As part of the pop-up, Kiat from Syndicate has specially designed 'MADSKULL', an Instagram AR filter for the MADSTORE UNDERCOVER pop-up. Below, the artist shares with us the ideas behind it. Try it yourself on the Club 21 Instagram page

CLUB 21 AND KIAT

 

Can you tell us about the filter and what it’s about?

It evolved out of a few conversations with various people including Olivia from Club 21. I was thinking about various ideas around obscurity, and reflections on human-induced climate changes and how we as just one of the species out of the many can threaten the survival of many others. We are a rather deadly and villianous species in that sense.

 

Apart from motifs like the Demon Skull, were there other aspects of Jun Takahashi’s work you considered to inform your design of the filter? If so, what were they?

I don’t think there is any literal style but probably more our shared approach to creating. there is a common value of trying to complicate matters with a healthy dose of ambiguity. I like to create a certain stillness or peace within the chaos of my work… with a slight dose of humour or a smile hidden within. Beauty and decay in the same space seems to always fascinate me since I’ve been a child. Especially the idea of a decay that never ends which in turns create beauty that never ends. I think what interests me is the ‘static’ we find in life, like the ones you hear on an old record or the fading of an photograph. It reminds me of the little time we have to this planet in our human experience. So with this approach I try to create a distortion of life around us to face the other side of ourselves.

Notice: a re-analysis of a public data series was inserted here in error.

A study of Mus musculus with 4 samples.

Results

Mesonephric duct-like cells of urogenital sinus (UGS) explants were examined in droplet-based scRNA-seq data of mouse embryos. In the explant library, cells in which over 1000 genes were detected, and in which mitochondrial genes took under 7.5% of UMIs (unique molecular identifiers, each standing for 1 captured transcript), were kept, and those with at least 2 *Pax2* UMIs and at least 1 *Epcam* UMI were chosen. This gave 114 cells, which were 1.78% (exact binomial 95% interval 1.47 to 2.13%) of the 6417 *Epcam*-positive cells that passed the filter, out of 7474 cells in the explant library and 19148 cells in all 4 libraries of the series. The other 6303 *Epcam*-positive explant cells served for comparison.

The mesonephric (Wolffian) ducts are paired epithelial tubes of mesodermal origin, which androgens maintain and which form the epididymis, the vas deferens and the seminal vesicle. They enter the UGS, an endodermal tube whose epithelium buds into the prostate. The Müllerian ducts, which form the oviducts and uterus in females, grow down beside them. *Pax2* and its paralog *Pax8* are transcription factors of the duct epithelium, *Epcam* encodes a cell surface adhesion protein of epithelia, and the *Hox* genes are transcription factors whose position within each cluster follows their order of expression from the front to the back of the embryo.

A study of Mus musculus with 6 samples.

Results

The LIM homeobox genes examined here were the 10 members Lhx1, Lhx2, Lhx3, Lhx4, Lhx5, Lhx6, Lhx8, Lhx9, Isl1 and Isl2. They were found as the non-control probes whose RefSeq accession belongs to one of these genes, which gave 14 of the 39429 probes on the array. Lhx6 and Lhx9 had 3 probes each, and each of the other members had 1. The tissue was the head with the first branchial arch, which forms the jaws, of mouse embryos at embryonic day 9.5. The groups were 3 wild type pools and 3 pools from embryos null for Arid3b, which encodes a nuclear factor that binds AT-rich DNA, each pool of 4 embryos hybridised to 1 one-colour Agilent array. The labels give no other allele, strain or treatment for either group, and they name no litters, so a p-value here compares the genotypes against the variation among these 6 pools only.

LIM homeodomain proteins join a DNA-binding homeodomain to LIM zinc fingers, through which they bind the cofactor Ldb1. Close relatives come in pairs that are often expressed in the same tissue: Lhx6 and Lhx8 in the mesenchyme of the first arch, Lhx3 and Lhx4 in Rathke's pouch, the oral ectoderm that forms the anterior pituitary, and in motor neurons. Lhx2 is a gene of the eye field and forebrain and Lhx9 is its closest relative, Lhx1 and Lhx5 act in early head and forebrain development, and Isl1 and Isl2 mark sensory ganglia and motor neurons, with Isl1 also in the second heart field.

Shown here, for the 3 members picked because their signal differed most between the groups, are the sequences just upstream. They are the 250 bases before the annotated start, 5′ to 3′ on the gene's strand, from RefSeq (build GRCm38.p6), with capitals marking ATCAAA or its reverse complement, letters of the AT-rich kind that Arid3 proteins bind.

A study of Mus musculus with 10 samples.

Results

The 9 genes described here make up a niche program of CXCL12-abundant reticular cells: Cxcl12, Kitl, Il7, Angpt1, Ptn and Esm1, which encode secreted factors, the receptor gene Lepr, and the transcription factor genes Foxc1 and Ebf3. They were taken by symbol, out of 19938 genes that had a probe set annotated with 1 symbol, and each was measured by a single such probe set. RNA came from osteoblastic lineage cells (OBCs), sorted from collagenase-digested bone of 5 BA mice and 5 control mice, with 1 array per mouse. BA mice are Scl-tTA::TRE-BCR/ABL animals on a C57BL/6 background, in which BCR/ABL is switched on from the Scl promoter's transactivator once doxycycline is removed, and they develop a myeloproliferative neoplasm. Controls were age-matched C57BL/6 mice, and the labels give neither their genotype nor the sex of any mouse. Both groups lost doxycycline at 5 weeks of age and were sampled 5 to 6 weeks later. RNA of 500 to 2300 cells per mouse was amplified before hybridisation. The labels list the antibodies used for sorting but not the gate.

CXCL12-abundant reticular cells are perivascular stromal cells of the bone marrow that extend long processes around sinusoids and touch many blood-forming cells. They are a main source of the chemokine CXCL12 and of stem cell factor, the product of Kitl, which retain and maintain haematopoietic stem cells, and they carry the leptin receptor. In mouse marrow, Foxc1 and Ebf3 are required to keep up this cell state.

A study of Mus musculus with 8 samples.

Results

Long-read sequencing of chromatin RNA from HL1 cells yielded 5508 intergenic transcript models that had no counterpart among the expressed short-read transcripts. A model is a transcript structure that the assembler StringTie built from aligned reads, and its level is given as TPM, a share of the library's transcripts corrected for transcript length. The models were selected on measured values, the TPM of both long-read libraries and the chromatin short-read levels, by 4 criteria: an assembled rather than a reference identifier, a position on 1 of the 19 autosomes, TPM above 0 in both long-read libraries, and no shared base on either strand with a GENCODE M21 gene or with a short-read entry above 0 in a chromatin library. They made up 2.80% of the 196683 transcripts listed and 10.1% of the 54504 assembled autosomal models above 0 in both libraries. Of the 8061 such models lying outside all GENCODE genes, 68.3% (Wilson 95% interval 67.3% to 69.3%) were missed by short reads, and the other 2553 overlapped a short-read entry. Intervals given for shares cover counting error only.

Is this your first experience designing an AR filter?

I’ve had many ideas I’ve been working on for personal exploration, but this is my first experience actually getting one live.

 

How does it compare to other forms of interactive work you’ve done?

I try not to think of this as a form of interactive work, but more as an extension of my thoughts using current technology. The process of the work is mostly where I gain the most joy. So I try not to focus as much on the forms or technology but more the journey of discovery which I try to keep with me.

 

What does our obsession with AR filters say about our relationship with technology?

I’m not 100% certain we have an obsession with it but I do think that as humans, we struggle greatly to see ourselves as we truly are. We try to make our lives seem perfect but the beauty of nature is in the imperfections that we carry. So maybe technology now is like our mask which we wear to create an augmented sense of reality to the outside world. Personally, I think it’s interesting where we are right now with easy access to technology in the palm of our hands, as somehow, as much as we are connected, we are lonely.